Do you mean protein generally, or the milk protein, called casein?
Gluten and casein are thought to be common problems in autism and many people see positive results from cutting them out of the diet. I am an adult with Asperger's, and I recently tried it myself and found benefits to cutting out dairy - none really autism related though. I have ME and depression, and cutting out dairy has helped with both conditions. I have found that I can eat small amounts with no problem, and I "cheat" sometimes, especially when I am away from home.
Cutting out dairy has been difficult as I enjoy dairy products so much. Soya milk really does not taste like milk at all, it is a completely different product. It is nice with chocolate powder added, but I cannot eat it on cereal. Soya yoghurts are actually very nice. I miss cheese a lot. Dairy free cheese is really unpleasant. Everyone is different though, and your daughter might like the taste. Any kind of restricted diet means reading labels on everything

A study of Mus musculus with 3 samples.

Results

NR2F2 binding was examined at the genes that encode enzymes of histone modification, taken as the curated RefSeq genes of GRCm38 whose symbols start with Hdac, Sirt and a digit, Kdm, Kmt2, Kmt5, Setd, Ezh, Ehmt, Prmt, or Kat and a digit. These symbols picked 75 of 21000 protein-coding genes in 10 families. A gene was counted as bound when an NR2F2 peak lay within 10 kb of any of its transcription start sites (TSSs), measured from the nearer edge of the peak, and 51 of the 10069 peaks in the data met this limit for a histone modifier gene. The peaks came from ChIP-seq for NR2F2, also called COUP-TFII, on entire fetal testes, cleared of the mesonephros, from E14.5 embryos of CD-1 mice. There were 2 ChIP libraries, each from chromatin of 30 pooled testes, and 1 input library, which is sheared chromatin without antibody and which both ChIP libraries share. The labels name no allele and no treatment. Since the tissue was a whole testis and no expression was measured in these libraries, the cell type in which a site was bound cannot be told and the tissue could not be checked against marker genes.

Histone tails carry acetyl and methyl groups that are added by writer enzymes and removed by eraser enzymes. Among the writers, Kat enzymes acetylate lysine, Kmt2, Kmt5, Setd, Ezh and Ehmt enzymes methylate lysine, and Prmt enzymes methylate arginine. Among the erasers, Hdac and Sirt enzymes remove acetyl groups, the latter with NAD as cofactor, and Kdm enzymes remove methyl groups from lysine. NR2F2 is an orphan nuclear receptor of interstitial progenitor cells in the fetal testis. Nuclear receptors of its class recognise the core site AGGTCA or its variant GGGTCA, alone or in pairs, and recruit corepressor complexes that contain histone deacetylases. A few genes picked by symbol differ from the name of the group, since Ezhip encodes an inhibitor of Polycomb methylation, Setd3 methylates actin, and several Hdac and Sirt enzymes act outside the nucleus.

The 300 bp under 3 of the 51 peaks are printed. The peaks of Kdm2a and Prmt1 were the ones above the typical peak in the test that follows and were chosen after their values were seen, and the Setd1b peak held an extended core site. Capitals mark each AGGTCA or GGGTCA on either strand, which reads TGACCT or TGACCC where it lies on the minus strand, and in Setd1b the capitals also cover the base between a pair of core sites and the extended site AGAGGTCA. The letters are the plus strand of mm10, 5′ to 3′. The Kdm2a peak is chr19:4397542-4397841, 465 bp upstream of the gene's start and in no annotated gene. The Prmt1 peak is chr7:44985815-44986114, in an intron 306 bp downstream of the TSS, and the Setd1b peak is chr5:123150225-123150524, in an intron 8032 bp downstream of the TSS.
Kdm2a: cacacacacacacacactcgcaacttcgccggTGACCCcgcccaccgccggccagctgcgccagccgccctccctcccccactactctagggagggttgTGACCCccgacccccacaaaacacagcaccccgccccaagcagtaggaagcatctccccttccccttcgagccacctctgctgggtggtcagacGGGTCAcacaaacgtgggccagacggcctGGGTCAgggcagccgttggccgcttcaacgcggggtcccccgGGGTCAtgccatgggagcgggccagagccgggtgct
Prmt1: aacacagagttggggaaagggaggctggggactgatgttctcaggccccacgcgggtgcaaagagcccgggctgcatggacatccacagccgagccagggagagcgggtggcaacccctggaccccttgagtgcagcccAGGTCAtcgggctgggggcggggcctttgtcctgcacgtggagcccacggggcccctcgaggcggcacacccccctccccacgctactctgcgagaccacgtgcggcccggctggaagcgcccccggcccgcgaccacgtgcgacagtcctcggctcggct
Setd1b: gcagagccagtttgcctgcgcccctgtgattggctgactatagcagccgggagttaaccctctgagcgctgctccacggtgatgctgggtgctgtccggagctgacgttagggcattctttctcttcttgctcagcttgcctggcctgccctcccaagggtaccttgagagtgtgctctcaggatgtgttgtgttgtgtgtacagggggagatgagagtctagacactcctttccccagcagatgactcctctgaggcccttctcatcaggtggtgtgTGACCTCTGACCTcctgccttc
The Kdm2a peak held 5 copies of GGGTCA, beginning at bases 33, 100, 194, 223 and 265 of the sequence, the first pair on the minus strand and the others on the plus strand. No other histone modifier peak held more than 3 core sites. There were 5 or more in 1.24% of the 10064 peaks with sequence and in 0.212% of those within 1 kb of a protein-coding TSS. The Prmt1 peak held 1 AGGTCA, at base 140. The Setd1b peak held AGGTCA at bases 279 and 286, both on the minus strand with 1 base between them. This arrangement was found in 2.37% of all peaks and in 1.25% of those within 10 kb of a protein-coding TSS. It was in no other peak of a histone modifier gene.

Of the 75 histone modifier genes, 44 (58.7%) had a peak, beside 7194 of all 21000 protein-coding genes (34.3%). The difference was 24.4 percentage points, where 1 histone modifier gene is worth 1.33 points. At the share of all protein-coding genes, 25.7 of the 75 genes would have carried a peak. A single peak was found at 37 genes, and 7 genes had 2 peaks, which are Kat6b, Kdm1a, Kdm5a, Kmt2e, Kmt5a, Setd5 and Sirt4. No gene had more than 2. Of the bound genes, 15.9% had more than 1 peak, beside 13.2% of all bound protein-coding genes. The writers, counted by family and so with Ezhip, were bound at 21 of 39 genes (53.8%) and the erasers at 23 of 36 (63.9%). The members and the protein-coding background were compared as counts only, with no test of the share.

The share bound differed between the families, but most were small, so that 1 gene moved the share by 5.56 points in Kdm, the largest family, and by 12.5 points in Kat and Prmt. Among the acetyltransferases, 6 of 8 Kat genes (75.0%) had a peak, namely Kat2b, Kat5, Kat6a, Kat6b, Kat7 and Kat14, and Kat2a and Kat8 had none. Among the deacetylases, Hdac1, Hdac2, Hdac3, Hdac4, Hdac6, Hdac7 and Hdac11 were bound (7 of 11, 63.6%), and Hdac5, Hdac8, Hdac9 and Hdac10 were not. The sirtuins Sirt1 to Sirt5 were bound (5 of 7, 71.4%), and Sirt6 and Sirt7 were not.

and cooking from scratch a lot more, but it becomes second nature after a while. Introducing new foods to a person with autism can be difficult. If you decide to try it, involve her in the preparation as much as possible. This will allow her to feel more in control of what she is eating, and more likely to try it.
With intolerances, the only way to be sure is to try it. I have been really surprised at the results.
I don't really know anything about PKU, are there clear-cut tests that could diagnose it? If it seems likely, it would be worth checking. There are many reasons why the doctor in Turkey didn't mention it. He may not have been looking for it.
Edited by Tally, 09 September 2008 - 09:50 PM.